Former French president faces trial

Jacques Chirac, who faces corruption charges, is the first former head of state to stand trial since World War II.

    After years of claiming immunity to avoid legal proceedings, Jacques Chirac, the former president of France, is finally facing a court.

    The 78-year-old statesman faces a month in court on charges that he masterminded a scheme to have Paris City Hall pay for work that benefited his political party when he was mayor - before he became president in 1995.

    Chirac is the first former head of state to go on trial since the country's Nazi-era leader was exiled.

    A prison term is seen as highly unlikely, but in principle if convicted, Chirac could be jailed for up to 10 years and fined $210,000.

    France's restive political circles are gearing up for next year's presidential race, but the fallout from this trial is unlikely to hit anyone other than Chirac and the nine other defendants including a grandson of General Charles de Gaulle and a former left-wing labor union leader.

    Still, the trial looms as an embarrassing coda to Chirac's 12-year presidential term, potentially denting his legacy, recent philanthropic work and image as one of France's most popular personalities since he left office.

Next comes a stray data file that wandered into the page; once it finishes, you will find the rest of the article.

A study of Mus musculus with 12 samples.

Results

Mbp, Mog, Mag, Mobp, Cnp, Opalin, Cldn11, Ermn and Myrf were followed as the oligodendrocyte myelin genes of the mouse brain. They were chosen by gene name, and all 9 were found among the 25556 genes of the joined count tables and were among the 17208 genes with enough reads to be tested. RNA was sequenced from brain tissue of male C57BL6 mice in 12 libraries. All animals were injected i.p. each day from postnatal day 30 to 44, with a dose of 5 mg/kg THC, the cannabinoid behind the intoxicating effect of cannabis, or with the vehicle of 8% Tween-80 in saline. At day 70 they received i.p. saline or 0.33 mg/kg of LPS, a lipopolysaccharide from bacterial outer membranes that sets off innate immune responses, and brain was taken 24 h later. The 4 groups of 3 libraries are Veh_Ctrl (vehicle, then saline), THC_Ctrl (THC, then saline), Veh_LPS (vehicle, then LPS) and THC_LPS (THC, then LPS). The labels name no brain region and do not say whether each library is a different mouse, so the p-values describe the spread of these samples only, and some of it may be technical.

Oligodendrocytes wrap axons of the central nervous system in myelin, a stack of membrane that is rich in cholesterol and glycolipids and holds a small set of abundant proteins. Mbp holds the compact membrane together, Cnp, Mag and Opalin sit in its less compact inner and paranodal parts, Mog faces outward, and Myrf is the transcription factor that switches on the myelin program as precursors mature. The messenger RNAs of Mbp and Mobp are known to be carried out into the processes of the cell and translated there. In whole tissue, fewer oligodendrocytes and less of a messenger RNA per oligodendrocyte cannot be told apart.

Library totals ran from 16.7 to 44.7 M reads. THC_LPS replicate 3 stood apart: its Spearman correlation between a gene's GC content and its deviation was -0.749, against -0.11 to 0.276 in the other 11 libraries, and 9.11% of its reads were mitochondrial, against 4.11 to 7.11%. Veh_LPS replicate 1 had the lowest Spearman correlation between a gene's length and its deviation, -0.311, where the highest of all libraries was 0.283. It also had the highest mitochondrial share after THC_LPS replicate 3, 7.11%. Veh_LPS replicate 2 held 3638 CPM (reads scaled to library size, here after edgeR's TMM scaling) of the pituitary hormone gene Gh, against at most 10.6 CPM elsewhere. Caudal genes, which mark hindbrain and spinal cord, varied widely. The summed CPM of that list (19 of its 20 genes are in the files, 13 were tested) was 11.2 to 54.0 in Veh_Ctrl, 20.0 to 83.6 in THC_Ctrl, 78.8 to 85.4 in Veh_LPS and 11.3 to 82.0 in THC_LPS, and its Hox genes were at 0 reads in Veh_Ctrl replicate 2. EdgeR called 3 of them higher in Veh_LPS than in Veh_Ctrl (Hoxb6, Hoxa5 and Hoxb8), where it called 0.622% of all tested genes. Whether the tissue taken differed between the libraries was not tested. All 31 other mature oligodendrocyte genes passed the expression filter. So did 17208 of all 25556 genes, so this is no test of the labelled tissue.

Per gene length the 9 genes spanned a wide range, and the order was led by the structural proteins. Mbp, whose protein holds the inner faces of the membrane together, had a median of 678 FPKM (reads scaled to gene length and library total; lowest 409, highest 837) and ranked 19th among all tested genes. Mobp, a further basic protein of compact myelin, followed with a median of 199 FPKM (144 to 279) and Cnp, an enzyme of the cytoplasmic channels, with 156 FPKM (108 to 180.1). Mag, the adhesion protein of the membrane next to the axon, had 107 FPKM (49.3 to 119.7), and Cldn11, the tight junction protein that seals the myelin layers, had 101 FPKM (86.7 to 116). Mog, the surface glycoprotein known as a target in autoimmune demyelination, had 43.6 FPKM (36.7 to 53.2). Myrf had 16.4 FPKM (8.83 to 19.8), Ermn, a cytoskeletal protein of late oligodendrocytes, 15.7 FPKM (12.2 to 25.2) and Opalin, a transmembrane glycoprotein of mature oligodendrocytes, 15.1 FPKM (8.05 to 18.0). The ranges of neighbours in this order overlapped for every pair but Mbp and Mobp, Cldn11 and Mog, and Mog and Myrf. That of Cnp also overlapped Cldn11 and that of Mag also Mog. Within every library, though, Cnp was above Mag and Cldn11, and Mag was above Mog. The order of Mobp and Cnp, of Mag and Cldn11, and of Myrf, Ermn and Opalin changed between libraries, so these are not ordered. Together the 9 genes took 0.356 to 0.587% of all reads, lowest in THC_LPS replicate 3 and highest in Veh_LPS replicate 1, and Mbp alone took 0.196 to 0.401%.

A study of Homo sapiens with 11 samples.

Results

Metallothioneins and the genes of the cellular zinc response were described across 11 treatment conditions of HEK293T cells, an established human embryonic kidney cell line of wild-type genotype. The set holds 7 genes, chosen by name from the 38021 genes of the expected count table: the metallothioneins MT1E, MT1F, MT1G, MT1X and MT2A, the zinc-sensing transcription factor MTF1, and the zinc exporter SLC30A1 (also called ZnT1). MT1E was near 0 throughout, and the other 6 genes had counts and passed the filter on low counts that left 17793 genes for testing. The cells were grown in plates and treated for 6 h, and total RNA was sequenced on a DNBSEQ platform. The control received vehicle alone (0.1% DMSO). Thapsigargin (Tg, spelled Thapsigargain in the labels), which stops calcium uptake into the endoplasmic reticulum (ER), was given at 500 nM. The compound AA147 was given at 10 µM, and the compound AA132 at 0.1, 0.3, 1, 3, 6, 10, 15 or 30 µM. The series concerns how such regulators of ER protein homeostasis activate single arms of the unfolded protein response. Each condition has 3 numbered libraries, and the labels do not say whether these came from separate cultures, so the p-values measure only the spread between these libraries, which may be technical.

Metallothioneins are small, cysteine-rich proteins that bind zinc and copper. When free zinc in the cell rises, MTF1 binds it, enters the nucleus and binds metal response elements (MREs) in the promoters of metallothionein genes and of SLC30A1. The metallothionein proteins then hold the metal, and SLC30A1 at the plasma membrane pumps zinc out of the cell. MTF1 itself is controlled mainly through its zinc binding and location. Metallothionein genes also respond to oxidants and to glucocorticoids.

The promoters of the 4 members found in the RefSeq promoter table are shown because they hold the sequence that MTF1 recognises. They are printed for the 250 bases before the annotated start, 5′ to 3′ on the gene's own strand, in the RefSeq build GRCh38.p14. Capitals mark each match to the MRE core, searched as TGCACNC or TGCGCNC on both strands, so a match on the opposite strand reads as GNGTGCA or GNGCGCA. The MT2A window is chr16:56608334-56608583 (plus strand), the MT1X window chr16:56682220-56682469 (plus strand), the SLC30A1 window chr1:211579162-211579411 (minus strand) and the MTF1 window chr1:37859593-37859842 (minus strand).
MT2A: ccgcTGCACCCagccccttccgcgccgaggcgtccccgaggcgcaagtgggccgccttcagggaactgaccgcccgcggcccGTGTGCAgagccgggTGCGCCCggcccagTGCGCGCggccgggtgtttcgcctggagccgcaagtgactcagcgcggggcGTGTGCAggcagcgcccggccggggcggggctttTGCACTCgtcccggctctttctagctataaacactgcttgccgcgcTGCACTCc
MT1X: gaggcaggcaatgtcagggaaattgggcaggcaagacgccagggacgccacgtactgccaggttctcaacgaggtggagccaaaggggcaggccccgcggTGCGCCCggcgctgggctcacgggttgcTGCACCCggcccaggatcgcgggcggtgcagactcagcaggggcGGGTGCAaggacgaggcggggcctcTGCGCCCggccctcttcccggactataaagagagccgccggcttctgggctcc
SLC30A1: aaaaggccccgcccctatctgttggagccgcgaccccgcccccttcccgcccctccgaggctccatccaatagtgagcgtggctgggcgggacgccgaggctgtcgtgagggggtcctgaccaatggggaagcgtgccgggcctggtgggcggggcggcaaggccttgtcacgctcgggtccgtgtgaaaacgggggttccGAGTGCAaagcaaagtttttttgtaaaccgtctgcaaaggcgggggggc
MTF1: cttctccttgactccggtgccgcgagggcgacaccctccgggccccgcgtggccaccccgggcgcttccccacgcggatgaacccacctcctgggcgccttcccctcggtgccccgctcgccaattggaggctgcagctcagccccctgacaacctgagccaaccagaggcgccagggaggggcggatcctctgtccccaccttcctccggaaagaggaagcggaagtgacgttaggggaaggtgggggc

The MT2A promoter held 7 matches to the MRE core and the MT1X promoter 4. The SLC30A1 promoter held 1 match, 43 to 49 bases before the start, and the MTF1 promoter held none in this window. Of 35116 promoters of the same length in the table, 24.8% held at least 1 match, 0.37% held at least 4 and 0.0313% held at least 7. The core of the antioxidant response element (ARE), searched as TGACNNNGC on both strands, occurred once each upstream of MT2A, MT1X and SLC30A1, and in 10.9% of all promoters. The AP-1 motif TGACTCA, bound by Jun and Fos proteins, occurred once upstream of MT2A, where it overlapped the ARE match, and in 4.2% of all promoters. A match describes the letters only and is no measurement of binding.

SOURCE: Al Jazeera


    YOU MIGHT ALSO LIKE

    How different voting systems work around the world

    How different voting systems work around the world

    Nearly two billion voters in 52 countries around the world will head to the polls this year to elect their leaders.

    How Moscow lost Riyadh in 1938

    How Moscow lost Riyadh in 1938

    Russian-Saudi relations could be very different today, if Stalin hadn't killed the Soviet ambassador to Saudi Arabia.

    The peace games: Dreaming big for South Sudan's youth

    The peace games: Dreaming big for South Sudan's youth

    A relatively new independence and fresh waves of conflict inspire a South Sudanese refugee to build antiwar video games.